This old classic...is is more a philosophical tract disguised in a thin plot than an outright story.
Living in some future hyperorganized state, the main character, Equality, is not like the others. He is smarter and more sensitive to the missing element in his society. His whole life is planned for him, right down to the schedule of his daily activities. One day in the midst of his job as a Street Sweeper he and his coworker Equality discover a secret tunnel leading down to some long-forgotten subway platform.
During the next few months he spends his evenings in the tunnel doing experiments and trying to discover some secrets of Mother Nature. He winds up rediscovering electricity.
Bringing his discovery to the Council of Scholars sets the book toward its not very surprising conclusion.
This is a philospohical tract about the evils of collectivism, or, as I read it, the evils of recognizing that we are a community and that we are in fact responsible for our brothers and sisters. In Rand's super-organized state, human emotion is suppressed and social interaction is limited. At one point, Equality reminds Liberty that "anything not permitted is automatically outlawed." Even friendship, because it prefers one individual over another, is banned.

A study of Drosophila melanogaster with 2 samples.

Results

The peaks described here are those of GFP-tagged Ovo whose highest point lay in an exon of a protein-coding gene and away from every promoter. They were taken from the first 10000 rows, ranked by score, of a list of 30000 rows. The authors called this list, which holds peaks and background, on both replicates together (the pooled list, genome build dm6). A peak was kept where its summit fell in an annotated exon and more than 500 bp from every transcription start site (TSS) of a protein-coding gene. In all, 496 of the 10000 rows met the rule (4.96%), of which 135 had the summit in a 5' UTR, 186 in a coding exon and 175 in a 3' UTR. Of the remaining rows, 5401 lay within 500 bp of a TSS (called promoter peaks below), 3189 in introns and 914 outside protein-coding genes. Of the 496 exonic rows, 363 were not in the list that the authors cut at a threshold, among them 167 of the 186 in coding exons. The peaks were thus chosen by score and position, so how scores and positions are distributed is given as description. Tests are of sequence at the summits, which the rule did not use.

I think this book/author has done more damage to the socialist movement by its gross misinterpretation of what socialism and communism are. Certainly if Rand wants to rail against totalitarianism, that's one thing, but to dismiss and satirize a philosophy that recognizes that we are a community is another. Equality's main goal in the story is to build his house into a fort where he is not obligated to any other person.
Unfortunately for Equality and for Rand we are not a world of self-involved, self-centered two year olds who can't think, feel, or see beyond our own limited field of vision.